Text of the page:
24 February marks a year of Russia’s invasion of Ukraine. GFMD continues to stand in solidarity with Ukrainian media and journalists and explore new areas for emergency media support

Author: Yelyzaveta Bezushko | 21. February 2023

Ukraine. One year of journalism under fire

Since the first day of the war, Ukrainian journalists and media outlets have been reporting on war crimes, fighting Russian propaganda, and informing the world about the atrocities of war while constantly putting themselves at risk. According to the IFJ Killed List, 12 journalists were killed in the line of duty in Ukraine, becoming the deadliest country for journalists in 2022.

“Nowadays, when Ukraine has been resisting the brutal, unprovoked aggression of a powerful neighbouring state for almost a year, our colleagues deserve great respect – both Ukrainian and foreign journalists, who in the harsh conditions of war, despite the physical danger, psychological stress, economic problems, continue to honestly fulfil their journalistic duty,” says Sergiy Tomilenko, president of the National Union of Journalists of Ukraine (NUJU) in an interview to IFJ.

According to RSF, a total of 12,000 Ukrainian and foreign journalists have been accredited to cover the war in Ukraine in the past year. GFMD continues to stand in solidarity with all journalists and independent media covering Russia’s aggression against Ukraine. As we stated in the Perugia Declaration for Ukraine last year, the greater the threat to Ukrainian journalists’ lives, livelihoods, and ability to do their jobs, the greater will be our efforts to support them. Funding, protective gear, equipment, housing, training, office space in foreign cities, and psychosocial support – we will do everything we can to support our Ukrainian colleagues’ ability to continue reporting and serving the urgent needs of their audiences

If you’re interested in GFMD’s emergency media support for Ukraine, check out:

One year after the war started, GFMD is focusing on the following areas for Ukraine emergency media support:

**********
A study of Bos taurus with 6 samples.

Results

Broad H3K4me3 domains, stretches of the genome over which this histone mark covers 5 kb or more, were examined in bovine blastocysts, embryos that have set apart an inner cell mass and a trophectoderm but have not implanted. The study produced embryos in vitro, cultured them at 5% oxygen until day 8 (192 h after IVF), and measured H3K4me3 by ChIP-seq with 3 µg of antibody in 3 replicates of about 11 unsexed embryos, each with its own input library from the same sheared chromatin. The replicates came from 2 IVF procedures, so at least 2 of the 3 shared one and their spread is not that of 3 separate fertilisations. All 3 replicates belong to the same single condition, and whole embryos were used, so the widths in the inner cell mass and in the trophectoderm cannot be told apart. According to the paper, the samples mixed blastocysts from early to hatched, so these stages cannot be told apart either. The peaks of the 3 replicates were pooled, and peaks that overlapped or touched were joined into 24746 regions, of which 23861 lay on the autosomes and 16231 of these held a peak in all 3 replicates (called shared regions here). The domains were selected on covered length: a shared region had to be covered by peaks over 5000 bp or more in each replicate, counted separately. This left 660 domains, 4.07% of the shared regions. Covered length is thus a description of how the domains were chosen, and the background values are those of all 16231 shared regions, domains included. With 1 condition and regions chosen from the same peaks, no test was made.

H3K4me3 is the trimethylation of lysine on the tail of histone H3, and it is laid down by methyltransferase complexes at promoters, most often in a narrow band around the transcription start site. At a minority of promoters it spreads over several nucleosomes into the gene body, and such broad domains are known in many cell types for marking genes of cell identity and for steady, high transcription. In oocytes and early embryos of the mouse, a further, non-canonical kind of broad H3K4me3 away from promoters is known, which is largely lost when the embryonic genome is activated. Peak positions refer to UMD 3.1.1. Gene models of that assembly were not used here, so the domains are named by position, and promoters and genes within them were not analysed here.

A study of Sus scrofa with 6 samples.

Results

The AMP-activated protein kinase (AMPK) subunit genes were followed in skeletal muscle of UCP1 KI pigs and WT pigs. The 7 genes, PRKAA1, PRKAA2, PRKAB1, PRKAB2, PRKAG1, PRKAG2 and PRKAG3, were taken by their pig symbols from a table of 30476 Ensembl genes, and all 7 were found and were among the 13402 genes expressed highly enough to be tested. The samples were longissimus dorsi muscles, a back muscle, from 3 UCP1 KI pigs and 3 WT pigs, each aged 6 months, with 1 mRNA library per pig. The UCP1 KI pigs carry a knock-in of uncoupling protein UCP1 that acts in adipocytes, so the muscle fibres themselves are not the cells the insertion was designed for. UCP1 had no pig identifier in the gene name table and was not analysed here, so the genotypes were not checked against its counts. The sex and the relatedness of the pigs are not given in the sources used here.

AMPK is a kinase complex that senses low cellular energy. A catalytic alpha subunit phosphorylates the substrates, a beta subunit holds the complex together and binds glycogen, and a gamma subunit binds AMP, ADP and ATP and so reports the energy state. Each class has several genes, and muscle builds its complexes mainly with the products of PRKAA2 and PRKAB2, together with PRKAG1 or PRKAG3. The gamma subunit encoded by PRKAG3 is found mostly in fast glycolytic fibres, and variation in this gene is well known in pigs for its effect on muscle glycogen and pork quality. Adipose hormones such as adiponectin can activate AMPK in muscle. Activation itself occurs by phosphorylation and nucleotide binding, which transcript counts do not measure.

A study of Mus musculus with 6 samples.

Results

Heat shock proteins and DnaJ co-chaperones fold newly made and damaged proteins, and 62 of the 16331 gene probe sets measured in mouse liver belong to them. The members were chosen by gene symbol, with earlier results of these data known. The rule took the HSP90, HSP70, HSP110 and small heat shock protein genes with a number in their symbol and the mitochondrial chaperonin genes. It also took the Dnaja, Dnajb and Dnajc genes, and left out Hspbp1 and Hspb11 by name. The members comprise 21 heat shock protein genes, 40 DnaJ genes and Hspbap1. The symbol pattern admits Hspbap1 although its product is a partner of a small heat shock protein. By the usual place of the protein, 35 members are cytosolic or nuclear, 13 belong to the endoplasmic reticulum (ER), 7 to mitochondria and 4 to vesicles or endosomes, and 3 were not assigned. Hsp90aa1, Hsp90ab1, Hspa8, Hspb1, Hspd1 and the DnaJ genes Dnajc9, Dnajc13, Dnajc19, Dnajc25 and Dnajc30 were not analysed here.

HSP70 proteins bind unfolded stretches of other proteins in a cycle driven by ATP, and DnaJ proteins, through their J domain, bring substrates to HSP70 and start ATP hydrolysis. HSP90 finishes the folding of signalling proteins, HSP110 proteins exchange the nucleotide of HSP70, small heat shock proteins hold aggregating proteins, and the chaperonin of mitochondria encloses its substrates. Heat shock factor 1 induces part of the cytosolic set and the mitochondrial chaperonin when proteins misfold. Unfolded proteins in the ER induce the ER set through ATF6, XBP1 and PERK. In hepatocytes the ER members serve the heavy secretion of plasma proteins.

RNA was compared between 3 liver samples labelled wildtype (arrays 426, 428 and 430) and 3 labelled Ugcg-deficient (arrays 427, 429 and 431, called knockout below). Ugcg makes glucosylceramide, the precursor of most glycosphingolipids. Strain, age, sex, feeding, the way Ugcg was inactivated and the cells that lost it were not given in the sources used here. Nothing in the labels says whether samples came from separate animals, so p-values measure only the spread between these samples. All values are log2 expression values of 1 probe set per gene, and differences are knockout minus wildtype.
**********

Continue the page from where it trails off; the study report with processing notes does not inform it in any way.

Providing Psychological Support for Ukrainian Journalists

According to a recent needs assessment by Lviv Media Forum 36 per cent of editorial boards have identified psychological support as a priority area, and international organisations have been quick to offer counselling services. Still, there is uncertainty about what formats are likely to be helpful and effective.

As a response to a need identified by GFMD’s Ukraine media support information-sharing group, Dart Center for Journalism and Trauma has compiled a briefing on providing psychological support for Ukrainian journalists.  The document draws on the Dart Center’s twenty years of experience working with journalists in crisis zones, as well as recent conversations with Ukrainian journalists and staff working in media support organisations. It is also informed by scientific research into best practice interventions during mass violence crises.

The briefing presents preliminary orientations that provide a foundation for recommendations on three key levels of psychosocial support. It also contains a list of the recent psychological support initiatives for media workers in Ukraine as well as resources for psychological and psychosocial support available in Ukrainian.

The briefing is available in English and Ukrainian.

Tech and Journalism Crisis and Emergency Joint Industry Mechanism (T&JM)

Content moderation issues become particularly acute in crisis situations, where time and visibility are essential and influence operations pose serious threats to independent media. Ensuring that credible and professional journalism continues to exist and operate freely in digital environments has prompted GFMD to launch a multistakeholder process aimed at establishing the Tech and Journalism Crisis and Emergency Joint Industry Mechanism (T&JM). This initiative seeks to strengthen content and account moderation systems by establishing an emergency and crisis mechanism for public interest journalistic organizations, thereby providing safeguards for online freedom of expression, which is also an important component of disinformation responses.

Initially focused on Ukraine and the neighbouring countries as a pilot for possible wider application, T&JM specifically targets small and medium-sized media, community, and investigative journalism organisations and their professional communities.

The concept note will be presented by the Global Forum for Media Development (GFMD) and the UCLA Institute for Technology, Law and Policy (ITLP) on February 21 at the side-event of the UNESCO Internet for Trust Global Conference in Paris.

More about the event here.

GFMD’s MediaDev Fundraising Guide in Ukrainian

As the war enters its second year, emergency funding may no longer be as readily available, and journalists and media are finding themselves in a situation where they need to identify alternative sources of income.

In June 2021 GFMD launched a new fundraising centre and guide specifically aimed at the media and media development sector to help develop and improve fundraising proposals.  In recognition of the dire situation now facing our Ukrainian colleagues, the Fundraising Guide for Media Development has now been translated into Ukrainian with funding from the EU.

The Guide contains:

If you want to support Ukrainian media and journalists, check out the fundraising and crowdfunding initiatives GFMD has collated as part of our information-sharing effort to support media and journalists in Ukraine and the region: in English and in Ukrainian.